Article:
Posted on Jan 14, 2020

Small, light and affordable, is Tamron’s fast prime set to be a hit with Sony shooters?

Tamron recently launched three new f/2.8 prime lenses for Sony E-mount mirrorless cameras; a 20mm, a 24mm and a 35mm. Here we’ll take a look at the middle of those, the 24mm f/2.8 Di III OSD M1:2. A 24mm focal length gives a very usable wide-angle view, without the problems associated with going much wider, and Tamron’s new lens also features much closer focusing than you’d normally expect to find.

With a minimum focusing distance of just 12cm, it gives a half-lifesize or 1:2 view, and that means you can shoot very close to foreground details in landscapes, shoot wide-angle close-ups of plants and animals, or potentially use the lens for product photography. In fact, with that 12cm measured from the sensor and the lens measuring 64mm long, you can pretty much shoot something that’s right on top of the front element.

At only 215g, the 24mm f/2.8 Di III is also very light in weight and comparatively small, at least when put up against faster wide-angle primes, or zooms that offer such a wide aperture at the short end, so from that point of view, it’s not a bad option if you need to travel light. The f/2.8 aperture makes it useful for low-light shooting, too.

The 24mm f/2.8 Di III proved an affordable, lightweight general-purpose wide-angle lens with very respectable sharpness and close focusing abilities

The barrel is made of smooth plastic, but it has a metal lens mount for added durability. There are no switches or controls on the barrel, and no measurements either, just a grooved manual focus ring. This is all fine, as the Sony A7 III I tested it on makes manual focusing easy with a magnified view and focus peaking; but it does mean you need to switch to MF from the main menu, which takes a few seconds to find. The manual focus ring is non-linear, so it can feel a bit disconnected and therefore slightly slower to use compared to a mechanical ring, but I had no real trouble with it.

AF performance is good, and reasonably speedy. For example, it took just about a second to focus from infinity to the closest setting. The lens is also fully compatible with some of Sony’s more whizzy AF functions such as Real Time Eye AF. This isn’t a portrait lens, but it still held a moving subject in focus very well at f/2.8.

The lens uses an optimised silent drive for more quiet operation. In this regard it doesn’t whirr or grind in use, but there is a noticeable click when it finds focus, and if you’re using it in continuous AF this will be repetitive and audible on video recordings.

Rather than full weather sealing, the 24mm f/2.8 Di III claims to have a moisture-resistant construction with “environmental seals located at the lens mount area and other critical locations”, so it should take some rain, and I shot for a couple of hours in dank Devon woods and hillsides with no adverse effects noted. The front element uses a fluorine coating to make cleaning water or oil from it easier, too, and that’s especially handy if you want to use the lens up close to wet subjects.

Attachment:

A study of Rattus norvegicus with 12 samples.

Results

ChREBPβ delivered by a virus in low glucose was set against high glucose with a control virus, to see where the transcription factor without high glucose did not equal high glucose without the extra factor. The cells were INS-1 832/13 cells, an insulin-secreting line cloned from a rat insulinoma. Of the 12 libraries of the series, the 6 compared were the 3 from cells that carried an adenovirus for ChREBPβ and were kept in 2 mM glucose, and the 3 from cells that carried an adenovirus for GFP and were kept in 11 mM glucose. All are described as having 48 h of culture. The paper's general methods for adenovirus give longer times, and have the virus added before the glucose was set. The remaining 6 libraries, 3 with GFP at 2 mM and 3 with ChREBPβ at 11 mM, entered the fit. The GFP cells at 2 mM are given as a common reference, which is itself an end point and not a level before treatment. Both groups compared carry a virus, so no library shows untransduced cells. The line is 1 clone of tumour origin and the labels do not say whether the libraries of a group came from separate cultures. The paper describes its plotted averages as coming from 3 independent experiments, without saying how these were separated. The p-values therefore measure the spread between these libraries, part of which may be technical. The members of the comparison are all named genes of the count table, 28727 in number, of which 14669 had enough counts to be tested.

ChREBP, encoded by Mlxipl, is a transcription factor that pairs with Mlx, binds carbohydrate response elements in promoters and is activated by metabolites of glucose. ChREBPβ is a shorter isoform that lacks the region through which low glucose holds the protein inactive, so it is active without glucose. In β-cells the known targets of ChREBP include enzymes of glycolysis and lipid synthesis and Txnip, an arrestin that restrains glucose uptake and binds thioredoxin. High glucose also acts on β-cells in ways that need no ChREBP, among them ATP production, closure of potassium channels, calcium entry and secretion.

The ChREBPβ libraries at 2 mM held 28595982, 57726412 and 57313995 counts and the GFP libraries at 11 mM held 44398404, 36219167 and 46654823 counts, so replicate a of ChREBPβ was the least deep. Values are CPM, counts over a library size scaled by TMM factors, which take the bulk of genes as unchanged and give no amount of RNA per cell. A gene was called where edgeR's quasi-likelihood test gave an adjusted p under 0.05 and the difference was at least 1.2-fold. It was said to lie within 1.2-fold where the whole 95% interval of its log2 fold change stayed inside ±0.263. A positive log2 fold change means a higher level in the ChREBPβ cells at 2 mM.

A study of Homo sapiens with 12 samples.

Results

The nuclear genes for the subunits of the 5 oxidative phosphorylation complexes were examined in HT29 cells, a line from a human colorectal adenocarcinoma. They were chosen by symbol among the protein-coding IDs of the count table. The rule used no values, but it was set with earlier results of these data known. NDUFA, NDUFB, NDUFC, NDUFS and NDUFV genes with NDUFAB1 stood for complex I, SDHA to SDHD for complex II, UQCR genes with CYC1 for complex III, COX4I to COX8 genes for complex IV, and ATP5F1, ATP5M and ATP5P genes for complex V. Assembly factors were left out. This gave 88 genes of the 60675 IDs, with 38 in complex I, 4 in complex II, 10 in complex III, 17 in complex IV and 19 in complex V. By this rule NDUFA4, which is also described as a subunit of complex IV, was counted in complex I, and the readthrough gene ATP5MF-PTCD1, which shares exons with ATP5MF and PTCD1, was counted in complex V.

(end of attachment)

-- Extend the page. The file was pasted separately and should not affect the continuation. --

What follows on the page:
In terms of sharpness the 24mm f/2.8 Di III is excellent. Wide open it offers very good sharpness in the centre and edges, with the centre improving to f/4 where it hits its peak through to f/11, after which diffraction softens the results. For edge-to-edge sharpness, the best setting appeared to be f/5.6.

However, the lens does suffer from significant barrel distortion, which will need correcting if you’re shooting anything with straight lines. Processing the test shot Raw files in Photoshop, there was no lens profile available at the time of testing, and I found it needed a manual correction of around +30. When this is corrected, the image will of course need cropping or resizing, so you may lose a bit of resolution or sharpness that way.

The 24mm f/2.8 Di III also shows obvious vignetting wide open, and although this is less clear after f/8 it actually remains throughout the aperture range. There’s some chromatic aberration, too, but only in the far corners, and both this and the vignetting are correctable in Raw. Flare was also well controlled in our test.

Overall, though, this lens is a fine performer and good value too.

On test

The 24mm f/2.8 Di III shows impressive sharpness at the centre and edges, even when shooting at the maximum aperture, but heavy barrel distortion is also evident.

The 24mm f/2.8 Di III offers plenty of plus points for Sony shooters, and at under £400 it’s an affordable lens, too. It’s small and light, and sharpness is very good even wide open. Image quality is somewhat compromised by barrel distortion, which needs correcting in post processing. That could be an issue to those wanting to use out of the camera JPEGs. On the plus side, the fast aperture means it’s a good lens for low-light landscapes.

ProsSize and weight, price, sharpness

Cons: Obvious distortion needs correcting

For more information, please visit the Tamron website.

As featured in issue 73 of Photography News.